US Ignite, a non-profit focused on fostering technological development, has been awarded a $6 million grant from the National Science Foundation to build a living lab of testbeds for smart gigabit applications in 15 cities. The announcement was part of a White House event held today, where the Obama Administration laid out its plan to support smart city projects nationwide.
The end result of the grant will be a growing number of communities nationwide participating in a “smart city app store” for interoperable and interconnected smart gigabit community applications addressing national priorities.
The public-private partnership will last for three years and will include researchers, citizens, community organizations, technology companies, entrepreneurs, academics and federal, state and local governments.
Participating communities include: Burlington, VT; Chattanooga, TN; Cleveland, OH; Flint, MI; Kansas City, KS & MO; Madison, WI; the North Carolina Next Generation Network (NCNGN); Richardson, TX; Utah Wasatch Front cities including Salt Lake City and Provo, UT; Lafayette, LA; Urbana-Champaign, IL; and Austin, TX.
Each of these US Ignite communities will receive access to a low-latency and ultra-fast network with locavore (local cloud) computing and storage capabilities. Communities will also receive technical assistance from US Ignite staff and partners in designing and developing applications to take advantage of the new network connections including access to fund accelerators and technical staff.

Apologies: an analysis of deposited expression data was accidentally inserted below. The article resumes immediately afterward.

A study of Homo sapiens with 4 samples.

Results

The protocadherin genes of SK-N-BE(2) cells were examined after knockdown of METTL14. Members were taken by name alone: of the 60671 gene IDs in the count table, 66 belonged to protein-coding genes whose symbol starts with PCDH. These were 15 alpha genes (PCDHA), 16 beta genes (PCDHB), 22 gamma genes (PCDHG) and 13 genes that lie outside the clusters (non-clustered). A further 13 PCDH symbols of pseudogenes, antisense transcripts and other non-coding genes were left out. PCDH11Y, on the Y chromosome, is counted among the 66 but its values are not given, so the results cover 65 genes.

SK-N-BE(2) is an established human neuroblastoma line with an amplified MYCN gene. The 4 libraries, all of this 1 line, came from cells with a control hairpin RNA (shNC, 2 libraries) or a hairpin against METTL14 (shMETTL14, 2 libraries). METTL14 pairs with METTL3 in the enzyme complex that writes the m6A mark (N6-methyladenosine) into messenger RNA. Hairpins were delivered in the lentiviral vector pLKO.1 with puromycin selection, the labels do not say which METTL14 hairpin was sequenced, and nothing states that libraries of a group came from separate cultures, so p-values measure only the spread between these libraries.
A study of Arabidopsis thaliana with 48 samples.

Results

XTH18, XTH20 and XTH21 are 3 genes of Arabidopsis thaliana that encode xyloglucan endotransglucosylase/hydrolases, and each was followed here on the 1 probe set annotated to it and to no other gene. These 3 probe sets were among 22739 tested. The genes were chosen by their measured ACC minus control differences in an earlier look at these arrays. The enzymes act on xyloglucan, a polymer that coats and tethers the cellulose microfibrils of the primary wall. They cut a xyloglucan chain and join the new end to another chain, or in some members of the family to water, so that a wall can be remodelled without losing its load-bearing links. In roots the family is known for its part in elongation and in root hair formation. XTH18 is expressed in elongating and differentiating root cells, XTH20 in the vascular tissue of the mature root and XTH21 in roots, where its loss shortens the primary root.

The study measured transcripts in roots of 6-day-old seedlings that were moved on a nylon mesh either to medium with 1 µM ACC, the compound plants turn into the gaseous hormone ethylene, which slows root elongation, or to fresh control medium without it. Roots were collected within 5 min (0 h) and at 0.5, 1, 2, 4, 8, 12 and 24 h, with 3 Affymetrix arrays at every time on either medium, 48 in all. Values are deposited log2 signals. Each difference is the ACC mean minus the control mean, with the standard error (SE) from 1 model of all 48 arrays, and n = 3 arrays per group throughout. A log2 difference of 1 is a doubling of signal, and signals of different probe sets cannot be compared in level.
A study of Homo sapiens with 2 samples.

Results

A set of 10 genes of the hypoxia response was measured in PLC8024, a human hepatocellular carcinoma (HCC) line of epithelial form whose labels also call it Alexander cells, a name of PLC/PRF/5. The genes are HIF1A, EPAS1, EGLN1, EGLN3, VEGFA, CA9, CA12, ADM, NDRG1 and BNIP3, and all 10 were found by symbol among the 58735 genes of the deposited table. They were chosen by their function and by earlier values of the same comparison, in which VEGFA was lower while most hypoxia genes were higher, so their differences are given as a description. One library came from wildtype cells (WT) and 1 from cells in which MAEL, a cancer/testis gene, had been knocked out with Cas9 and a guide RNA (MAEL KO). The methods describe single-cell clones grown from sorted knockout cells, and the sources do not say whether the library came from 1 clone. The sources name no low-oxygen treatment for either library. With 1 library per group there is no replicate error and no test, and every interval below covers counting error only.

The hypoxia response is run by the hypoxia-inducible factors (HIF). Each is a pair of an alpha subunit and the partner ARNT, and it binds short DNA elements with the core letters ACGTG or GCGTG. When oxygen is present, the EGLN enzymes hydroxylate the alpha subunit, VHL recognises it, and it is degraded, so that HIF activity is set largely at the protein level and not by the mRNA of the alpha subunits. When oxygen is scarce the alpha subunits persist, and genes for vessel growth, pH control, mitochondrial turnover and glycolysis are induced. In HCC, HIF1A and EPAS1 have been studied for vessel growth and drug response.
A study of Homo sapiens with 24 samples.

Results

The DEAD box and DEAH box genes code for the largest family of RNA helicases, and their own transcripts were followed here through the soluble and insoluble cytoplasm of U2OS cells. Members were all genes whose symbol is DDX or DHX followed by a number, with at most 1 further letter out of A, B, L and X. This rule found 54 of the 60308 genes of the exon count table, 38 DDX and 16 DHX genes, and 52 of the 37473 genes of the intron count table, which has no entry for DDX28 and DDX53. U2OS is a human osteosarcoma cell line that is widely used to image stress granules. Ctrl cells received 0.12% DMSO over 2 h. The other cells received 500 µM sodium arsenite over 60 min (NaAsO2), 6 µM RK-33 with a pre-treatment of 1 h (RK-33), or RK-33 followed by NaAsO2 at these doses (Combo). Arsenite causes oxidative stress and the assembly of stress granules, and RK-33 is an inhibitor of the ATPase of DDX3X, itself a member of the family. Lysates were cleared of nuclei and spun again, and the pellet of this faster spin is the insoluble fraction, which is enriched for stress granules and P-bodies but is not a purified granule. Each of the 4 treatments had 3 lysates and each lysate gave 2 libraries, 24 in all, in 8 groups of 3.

Dr. Jon Gant, Professor and Director of the Center for Digital Inclusion at the University of Illinois at Urbana-Champaign, and UC2B Board Vice Chair highlighted what his school plans to do to help with Urbana’s participation in the project. “The timing of the US Ignite NSF grant is perfect for UC2B and our partner cities. As any of the gig fiber projects nationally will share, it takes time to build a new network from scratch. For UC2B we built the network and connected community anchor institutions and low-income households in the first phase with federal funding through BTOP. We are now working through a public private partnership with ITV-3 to expand service to the other 90% of our community. And it’s exciting that in parallel the University of Illinois and the Urbana-Champaign private sector and high-tech community now have funding through US Ignite to continue to broaden opportunities for new research, development and community engagement to build next generation applications focused on public benefit.”
HP is acting as a primary private sector sponsor for the project.
As part of their participation, cities will fund and build two next-generation applications that will be shared among the larger, nationwide ecosystem of gigabit cities. The awards were granted to communities with strong support from local government, colleges and universities, non-profits, internet service providers and community anchor institutions.